Whose fault is it anyway?

George Binning

The current financial climate has become a universal get out of jail free card, flaunted with abandon by all and sundry and allowed to pass, on the whole, unquestioned. With regard to the SNP’s proposal to replace student loans with grants, it seems to fit the bill perfectly, especially when compounded with a bit of characteristic muck throwing at Westminster.

It seems that the Scottish Government has been waiting for the right moment to announce that, due to circumstances entirely beyond its control, they will be forced to fall short on this excellent vote winning strategy. But it has taken a year and a half of procrastination to come up with what is at best a half-hearted proposal.

The SNP have blown a large part of their budget on higher priority projects such as their pledge to freeze council tax (borne from another compromised election pledge to abolish it entirely), cut business rates, allocate £3.5m a year in special funding to the city of Edinburgh and phase out prescription charges. All these projects, though worthy in their cause, are     very expensive.

Once the budget has run out, it is allegedly Westminster’s fault that they have not provided for projects lower down the list.

Let us not forget that, given these hard times, it is Westminster that has been responsible for bailing out both HBOS and the Royal Bank of Scotland, for the second time, to the tune of £200bn. This is the sort of twelve figure (twelve figure!) sum, the SNP can only dream of. Whilst Alistair Darling sweats over the economy as a whole, John Swinney is sitting relatively pretty.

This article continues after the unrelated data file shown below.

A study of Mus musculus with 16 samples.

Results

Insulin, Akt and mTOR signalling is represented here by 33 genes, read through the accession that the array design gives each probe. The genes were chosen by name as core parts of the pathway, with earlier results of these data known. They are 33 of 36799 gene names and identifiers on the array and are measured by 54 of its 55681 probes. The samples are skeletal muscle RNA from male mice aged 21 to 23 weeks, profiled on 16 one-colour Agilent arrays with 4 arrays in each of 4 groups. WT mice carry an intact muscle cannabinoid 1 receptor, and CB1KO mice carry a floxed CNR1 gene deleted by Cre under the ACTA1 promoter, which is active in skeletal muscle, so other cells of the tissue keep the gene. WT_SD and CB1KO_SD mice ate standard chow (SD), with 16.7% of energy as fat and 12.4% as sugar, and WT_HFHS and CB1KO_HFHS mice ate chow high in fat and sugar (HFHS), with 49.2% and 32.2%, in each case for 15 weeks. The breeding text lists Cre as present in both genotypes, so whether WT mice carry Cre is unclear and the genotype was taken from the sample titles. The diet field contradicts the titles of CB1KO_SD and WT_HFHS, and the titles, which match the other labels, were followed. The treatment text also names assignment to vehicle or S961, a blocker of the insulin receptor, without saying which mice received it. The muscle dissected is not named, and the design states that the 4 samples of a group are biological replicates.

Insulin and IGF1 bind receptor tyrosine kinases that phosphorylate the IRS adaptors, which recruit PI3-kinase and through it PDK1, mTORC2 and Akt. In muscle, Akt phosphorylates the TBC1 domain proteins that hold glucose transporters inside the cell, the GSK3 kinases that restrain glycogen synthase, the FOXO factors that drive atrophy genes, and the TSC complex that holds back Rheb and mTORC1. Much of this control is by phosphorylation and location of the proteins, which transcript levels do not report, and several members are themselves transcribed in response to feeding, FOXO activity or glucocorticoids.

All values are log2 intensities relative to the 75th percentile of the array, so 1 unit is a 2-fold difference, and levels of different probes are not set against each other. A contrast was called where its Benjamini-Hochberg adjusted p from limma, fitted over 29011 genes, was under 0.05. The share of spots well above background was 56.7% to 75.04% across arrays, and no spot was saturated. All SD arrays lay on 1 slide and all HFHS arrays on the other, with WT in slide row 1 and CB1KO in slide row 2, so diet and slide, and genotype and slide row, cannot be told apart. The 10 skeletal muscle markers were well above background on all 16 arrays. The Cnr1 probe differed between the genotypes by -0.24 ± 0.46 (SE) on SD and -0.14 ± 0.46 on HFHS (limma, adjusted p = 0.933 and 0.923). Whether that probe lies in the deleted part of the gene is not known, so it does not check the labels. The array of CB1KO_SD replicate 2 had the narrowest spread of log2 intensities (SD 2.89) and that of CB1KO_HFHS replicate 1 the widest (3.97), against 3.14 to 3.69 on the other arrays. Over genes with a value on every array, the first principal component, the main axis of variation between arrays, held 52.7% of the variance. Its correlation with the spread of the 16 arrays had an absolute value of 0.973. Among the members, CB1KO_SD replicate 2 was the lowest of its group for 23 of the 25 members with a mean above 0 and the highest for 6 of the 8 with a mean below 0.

To blame Westminster for squeezing the Scottish Government’s budget is totally unfair. With student loans, the SNP’s other route of defence is to say that a large part of these loans are funded directly by HM Treasury, and therefore once again they have “no control over a large part of the Budget and must work within the restrictions imposed upon [them]”.

This begs the very obvious question: Why make a election pledge which was constitutionally impossible to fulfil in the first place? Who are they trying to fool?

When it suits them, it is very easy for the SNP to just throw their hands in the air and deny any responsibility, whilst criticising and nit-picking from their position of relative political impotence.